The police soon may not have the authority to independently demand information from banks on their operations or on companies’ accounts during tax inspections.

A bill has been introduced to the State Duma which would allow the police to obtain such information only when performing joint inspections with tax authorities.

The new law would allow banks to avoid prosecution for wrongfully disclosing confidential bank information.

However, when such tax crimes are committed, they are often uncovered by criminal investigation units thanks to information provided by banks. If the specified amendments are passed, it will be more difficult for the police to order an inspection of a business and they will have to act together with the tax authorities and in accordance with their own inspection rules.

In terms of corruption, this would mean that bribes would have to be paid to both the Federal Tax Service (FTS) and the police to avoid inspection and prosecution. This may make the bribe prohibitively expensive, or could increase the amount of bribes if not prohibitively expensive.

Colonel Konstantin Zakharov, a spokesman for the Ministry of Interior’s Office of Tax Crimes in Moscow, explains that the main method of committing tax violations, crimes involving laundering of criminal earnings, and unlawful diversion of funds or embezzlement is by putting them under the guise of reciprocal payments with shell companies. This also includes information illegally obtained from banks by criminal outsiders.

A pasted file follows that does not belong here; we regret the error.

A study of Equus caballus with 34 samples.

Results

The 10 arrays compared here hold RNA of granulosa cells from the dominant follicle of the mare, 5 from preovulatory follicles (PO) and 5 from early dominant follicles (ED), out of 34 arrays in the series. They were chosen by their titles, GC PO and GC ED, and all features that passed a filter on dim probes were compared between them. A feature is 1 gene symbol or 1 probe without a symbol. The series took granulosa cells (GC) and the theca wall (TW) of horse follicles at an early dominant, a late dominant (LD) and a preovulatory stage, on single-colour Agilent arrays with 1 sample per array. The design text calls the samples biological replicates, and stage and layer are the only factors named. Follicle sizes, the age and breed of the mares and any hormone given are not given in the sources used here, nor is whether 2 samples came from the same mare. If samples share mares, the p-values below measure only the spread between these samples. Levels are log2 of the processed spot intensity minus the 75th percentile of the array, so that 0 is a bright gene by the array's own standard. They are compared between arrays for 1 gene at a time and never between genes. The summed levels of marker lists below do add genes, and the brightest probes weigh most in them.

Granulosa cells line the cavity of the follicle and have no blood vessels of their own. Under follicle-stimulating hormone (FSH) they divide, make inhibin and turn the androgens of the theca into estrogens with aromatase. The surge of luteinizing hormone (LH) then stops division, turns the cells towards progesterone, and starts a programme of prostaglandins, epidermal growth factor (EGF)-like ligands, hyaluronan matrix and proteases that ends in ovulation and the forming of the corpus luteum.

In principle, the concept of joint inspections is non-existent; previously, inspections have only been carried out by the tax authorities with the participation of the Department of Internal Affairs on Tax Crimes (at the request of the tax authorities). Since January 1, 2009, the only effective mechanism that the police’s investigative unit had at its disposal was receiving information from commercial banks on such firms’ financial activities. It could also have been possible to determine other parties who were using the banks’ services (more precisely, those banks where they have open accounts) for the same purposes.

The bill is planned to not only limit the police’s rights to access classified bank information but also stipulate that banks should carry the highest responsibility for having maintained these criminal firms’ accounts. If they are caught, these shell companies will have to pay back everything in full (whatever was deducted from their account as debit.)